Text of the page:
DateFri Apr-10-2015, 7:30pm
Knight Building, Room 102
521 Memorial Way
(Between Littlefield Center and Frost Amphitheatre)
Program / Series
Silk Road Buddhism
The Silk Road Foundation
Stephen F. Teiser
From the time the manuscripts from Dunhuang were first discovered in 1900, curious minds have wondered why the texts were deposited in the library cave (Mogao Cave 17) in the early 11th century. Two major reasons have been proposed. The “sacred waste” theory proposes that the texts, wrappers, and paintings in the cave had outlived their usefulness in religious and social life but were too sacred or rare to be simply burned or disposed of. Hence, batches of manuscripts from several temple libraries were collected and sealed up. Another theory is that the manuscripts were intentionally placed into the cave in order to “avoid disaster,” such as the rumored invasion of the Karakhanids.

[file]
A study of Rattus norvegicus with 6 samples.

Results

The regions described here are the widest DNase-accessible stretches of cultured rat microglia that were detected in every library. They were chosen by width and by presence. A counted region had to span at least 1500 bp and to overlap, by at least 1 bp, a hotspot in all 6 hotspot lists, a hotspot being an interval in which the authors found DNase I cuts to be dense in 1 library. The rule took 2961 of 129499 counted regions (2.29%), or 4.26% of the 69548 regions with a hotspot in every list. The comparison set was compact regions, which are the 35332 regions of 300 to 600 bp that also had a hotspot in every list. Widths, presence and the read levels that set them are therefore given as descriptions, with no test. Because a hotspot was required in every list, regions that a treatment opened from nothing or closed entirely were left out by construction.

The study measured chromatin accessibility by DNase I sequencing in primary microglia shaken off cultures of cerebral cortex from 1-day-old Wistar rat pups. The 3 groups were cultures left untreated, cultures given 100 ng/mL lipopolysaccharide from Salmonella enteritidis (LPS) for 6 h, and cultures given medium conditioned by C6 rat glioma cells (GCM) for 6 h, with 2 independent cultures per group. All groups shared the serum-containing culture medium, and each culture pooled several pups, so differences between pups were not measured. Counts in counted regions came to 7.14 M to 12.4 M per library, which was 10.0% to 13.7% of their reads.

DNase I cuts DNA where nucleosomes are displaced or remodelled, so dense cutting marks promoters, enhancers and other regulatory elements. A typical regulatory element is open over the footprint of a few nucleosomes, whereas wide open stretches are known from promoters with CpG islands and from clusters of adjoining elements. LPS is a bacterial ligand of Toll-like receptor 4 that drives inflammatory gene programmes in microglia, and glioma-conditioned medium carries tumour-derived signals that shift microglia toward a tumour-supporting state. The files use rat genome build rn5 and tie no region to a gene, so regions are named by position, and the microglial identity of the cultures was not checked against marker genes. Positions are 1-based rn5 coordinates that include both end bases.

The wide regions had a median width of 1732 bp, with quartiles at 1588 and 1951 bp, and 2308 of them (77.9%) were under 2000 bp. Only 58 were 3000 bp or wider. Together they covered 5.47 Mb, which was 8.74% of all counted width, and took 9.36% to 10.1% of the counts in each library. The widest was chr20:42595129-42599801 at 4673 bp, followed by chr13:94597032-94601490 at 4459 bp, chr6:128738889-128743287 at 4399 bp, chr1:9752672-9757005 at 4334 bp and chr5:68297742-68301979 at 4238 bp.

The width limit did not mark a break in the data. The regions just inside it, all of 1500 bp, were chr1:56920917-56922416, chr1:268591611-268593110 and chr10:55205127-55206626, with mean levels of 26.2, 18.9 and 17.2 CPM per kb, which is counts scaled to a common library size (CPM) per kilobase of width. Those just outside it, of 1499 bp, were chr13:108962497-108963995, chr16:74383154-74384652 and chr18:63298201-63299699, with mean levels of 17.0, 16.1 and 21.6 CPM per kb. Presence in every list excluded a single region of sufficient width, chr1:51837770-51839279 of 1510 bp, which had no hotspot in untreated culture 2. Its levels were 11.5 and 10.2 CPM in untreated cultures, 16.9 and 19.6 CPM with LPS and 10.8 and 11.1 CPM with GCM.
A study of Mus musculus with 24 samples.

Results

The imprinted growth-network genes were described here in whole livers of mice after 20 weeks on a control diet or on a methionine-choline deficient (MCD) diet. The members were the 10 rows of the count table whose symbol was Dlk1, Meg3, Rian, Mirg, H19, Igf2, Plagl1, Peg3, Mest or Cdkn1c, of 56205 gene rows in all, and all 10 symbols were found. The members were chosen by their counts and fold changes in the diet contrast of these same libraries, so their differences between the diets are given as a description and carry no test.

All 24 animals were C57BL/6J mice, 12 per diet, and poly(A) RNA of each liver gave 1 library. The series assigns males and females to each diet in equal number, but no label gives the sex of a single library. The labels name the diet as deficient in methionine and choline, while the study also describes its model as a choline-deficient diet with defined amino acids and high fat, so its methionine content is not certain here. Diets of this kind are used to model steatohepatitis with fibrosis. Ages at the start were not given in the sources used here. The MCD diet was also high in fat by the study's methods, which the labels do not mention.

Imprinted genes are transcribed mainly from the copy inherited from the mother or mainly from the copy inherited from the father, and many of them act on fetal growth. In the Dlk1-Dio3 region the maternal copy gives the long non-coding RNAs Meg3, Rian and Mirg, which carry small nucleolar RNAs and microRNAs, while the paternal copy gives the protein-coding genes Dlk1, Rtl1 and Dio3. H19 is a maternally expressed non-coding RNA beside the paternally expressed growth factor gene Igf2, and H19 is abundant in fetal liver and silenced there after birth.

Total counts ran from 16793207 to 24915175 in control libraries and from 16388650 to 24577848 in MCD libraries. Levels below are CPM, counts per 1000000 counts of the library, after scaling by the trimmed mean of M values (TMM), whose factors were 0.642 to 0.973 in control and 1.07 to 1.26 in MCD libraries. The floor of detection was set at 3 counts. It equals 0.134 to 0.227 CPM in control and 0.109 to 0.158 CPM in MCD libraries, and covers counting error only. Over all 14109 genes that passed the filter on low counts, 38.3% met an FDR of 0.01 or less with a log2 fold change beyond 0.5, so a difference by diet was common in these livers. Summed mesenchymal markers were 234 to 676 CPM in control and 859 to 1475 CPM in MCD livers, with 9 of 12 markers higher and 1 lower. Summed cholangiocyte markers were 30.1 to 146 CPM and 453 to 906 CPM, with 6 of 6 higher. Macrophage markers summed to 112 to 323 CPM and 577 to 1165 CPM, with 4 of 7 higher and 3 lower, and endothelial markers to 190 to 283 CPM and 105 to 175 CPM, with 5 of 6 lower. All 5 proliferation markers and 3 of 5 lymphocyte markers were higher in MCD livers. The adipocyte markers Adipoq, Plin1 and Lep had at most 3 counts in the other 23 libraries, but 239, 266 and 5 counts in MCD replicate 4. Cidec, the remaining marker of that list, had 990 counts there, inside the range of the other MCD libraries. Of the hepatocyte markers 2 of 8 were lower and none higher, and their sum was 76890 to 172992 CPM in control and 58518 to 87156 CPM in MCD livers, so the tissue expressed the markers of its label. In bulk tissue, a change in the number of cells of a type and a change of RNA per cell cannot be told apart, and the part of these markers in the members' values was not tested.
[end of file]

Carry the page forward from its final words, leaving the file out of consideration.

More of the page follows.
These theories have guided research and generated important scholarship. But they have also encouraged us to ignore other important aspects of Buddhist manuscript culture. In particular, in assuming that the entire body of manuscripts from Dunhuang constitutes a library or single corpus, such theories obscure the multiple origins of the manuscripts and the diverse range of religious and social institutions in which the texts were produced. Instead of focusing on the end of the manuscripts, this lecture explores how the genesis of the manuscripts provides invaluable information about Buddhist religious practice and the institutions of literacy in medieval China.
Free and Open to the Public
Stephen F. Teiser is the D. T. Suzuki Professor in Buddhist Studies and Professor of Religion in the Department of Religion at Princeton University. He specializes in the study of Buddhism and Chinese religions. His current research focuses on Chinese Buddhist practice and medieval liturgical manuscripts.